Professional budget execution analysis IS critical to successful program execution. That's why 30-years experience as a senior budget analyst and branch head across multiple appropriations at the Assistant Secretary of the Navy (Financial Management) and Under Secretary of Defense (Comptroller) levels, revising the Navy's online Budget Execution course and writing its online Budget Formulation course, tells me we need to stop repeating the standard line about continuing resolutions delays and new start problems, reprogrammings inflexibilities, extending one-year appropriations to spend those last few dollars, and two-year budgeting being a fix. None of these is the problem or a real solution. The problem starts with our own poor management practices and being able to understand the internal and underlying dynamics of how funding flows during the fiscal year.
For example, more than half the defense budget (MILPERS and O&M, and a large portion of RDT&E) is one-year money funded on a cash-flow basis by OMB during a CR and, unless there is a bump-up in a new year's budget, is NOT impacted. Even the increase can be managed. Second, recent articles on two-year budgeting is a false solution. The Congress will never forfeit its power of the purse. But DoD programs, budgets and submits five-year profiles in its FYDP at the Dash One level (R-1, O-1, P-1, M-1, C-1) to the Congress, and submits a FYDP budget for RDT&E and procurement appropriations. No real need to ask for the second year money, especially when you like to proclaim that under Purpose, Time and Amount (PTA) statutes you don't need it (on a cash-flow basis) until the second year. Third, the easiest method to fix the funds availability and expiration problems is not two-year budgeting, it's simply requesting its money as indefinite appropriations, like non-defense departments and agencies do. An indefinite appropriation is simply an annually renewing checkbook, which Congress and GAO (which does annual budget execution reviews) can easily track. (It would also require less accountants, lawyers and eliminate almost all Antideficiency Act Violations.) Fourth, acquisition can better be supported by aligning budgets (which focus on obligations and contractual liabilities to the government) to cash-flow (which is expenditures) like private business does. We pay most vendors (including all large contracts like ships, submarines, major weapons and other major procurements) under progress payments anyway, so why not align contracts to that structure, instead of single, one-amount obligations (all of which should be in the second and third quarters based on Congress' historic failure to pass a budget on time). Also, commercial companies pay for product manufacturing and their development and improvements and then get paid by their customers. We need contractors to cash-flow more of their goods and services, especially in major procurements, and certify reimbursement ONLY if the products work. Easier to change the Federal Acquisition Regulations and DoD Financial Management Regulations than Congress. Different rules, same outcome. We adapt when fighting wars, why not when managing that money?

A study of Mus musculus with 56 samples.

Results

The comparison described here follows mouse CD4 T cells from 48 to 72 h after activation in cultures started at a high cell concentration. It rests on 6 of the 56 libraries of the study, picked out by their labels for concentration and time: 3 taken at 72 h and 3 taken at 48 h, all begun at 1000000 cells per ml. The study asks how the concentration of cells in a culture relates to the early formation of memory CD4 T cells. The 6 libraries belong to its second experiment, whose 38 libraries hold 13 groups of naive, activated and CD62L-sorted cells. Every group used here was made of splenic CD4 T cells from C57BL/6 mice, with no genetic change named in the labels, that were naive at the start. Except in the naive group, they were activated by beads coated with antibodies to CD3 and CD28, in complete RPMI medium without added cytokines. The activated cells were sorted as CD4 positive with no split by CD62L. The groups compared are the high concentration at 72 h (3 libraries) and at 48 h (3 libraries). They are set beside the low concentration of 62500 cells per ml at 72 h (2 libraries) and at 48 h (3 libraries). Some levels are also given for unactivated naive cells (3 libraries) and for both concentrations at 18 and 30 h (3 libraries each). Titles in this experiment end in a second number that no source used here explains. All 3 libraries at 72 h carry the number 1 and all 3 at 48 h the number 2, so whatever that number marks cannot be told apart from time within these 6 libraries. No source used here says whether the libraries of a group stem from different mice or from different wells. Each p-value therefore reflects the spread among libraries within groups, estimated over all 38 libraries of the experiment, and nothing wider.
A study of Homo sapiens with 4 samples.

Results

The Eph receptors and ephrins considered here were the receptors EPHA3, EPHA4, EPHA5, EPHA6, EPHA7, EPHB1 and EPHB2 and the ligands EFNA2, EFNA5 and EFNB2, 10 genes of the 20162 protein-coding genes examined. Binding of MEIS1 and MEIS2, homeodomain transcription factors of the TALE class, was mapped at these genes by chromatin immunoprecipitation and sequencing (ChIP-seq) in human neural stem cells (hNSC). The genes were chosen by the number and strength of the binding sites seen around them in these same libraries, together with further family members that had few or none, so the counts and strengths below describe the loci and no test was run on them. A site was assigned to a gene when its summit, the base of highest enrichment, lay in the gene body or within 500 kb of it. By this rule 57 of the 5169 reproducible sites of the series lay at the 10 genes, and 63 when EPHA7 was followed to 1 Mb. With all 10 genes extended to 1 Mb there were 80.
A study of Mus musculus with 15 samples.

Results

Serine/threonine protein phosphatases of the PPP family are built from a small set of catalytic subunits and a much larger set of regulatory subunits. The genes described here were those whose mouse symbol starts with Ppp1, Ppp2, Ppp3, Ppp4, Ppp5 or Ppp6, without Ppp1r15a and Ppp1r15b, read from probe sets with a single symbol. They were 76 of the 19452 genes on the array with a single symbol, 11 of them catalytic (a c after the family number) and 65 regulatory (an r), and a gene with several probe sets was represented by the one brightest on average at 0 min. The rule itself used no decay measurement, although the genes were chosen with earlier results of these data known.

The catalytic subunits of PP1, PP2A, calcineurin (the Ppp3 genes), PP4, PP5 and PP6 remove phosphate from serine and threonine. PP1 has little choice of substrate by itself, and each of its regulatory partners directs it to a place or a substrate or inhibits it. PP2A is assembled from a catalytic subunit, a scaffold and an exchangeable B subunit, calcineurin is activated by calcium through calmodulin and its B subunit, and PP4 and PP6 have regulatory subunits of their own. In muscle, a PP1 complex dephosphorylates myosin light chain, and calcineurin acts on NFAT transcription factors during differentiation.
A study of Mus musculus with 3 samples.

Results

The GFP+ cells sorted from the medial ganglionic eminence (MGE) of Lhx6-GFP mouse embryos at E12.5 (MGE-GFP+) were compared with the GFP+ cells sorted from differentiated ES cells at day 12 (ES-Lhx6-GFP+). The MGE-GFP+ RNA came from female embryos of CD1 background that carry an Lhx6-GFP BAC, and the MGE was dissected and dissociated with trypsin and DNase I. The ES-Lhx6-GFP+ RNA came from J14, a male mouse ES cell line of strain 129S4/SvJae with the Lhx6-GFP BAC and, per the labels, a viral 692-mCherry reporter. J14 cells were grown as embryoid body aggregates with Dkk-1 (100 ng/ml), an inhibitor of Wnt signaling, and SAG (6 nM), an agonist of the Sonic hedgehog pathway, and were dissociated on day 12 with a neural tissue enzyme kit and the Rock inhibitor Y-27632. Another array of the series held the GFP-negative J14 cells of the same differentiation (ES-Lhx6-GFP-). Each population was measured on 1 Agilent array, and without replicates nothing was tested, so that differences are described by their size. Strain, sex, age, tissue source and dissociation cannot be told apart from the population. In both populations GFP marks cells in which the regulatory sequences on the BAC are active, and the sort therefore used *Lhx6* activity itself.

We need better DoD financial management instead of complaining. Time for experienced financial and budget analysts to flood leadership with ideas and practical solutions than whining about Congress. Time for a little internal accountability at senior management levels why we've made no progress in this area.
To start this internal accountability, I recommend we start identifying these major problem areas and talk what to do about them – RIGHT NOW – at the 2022 PDI, rather than whining about them and Congress.
Thanks for being involved and concerned about the future of DoD financial management.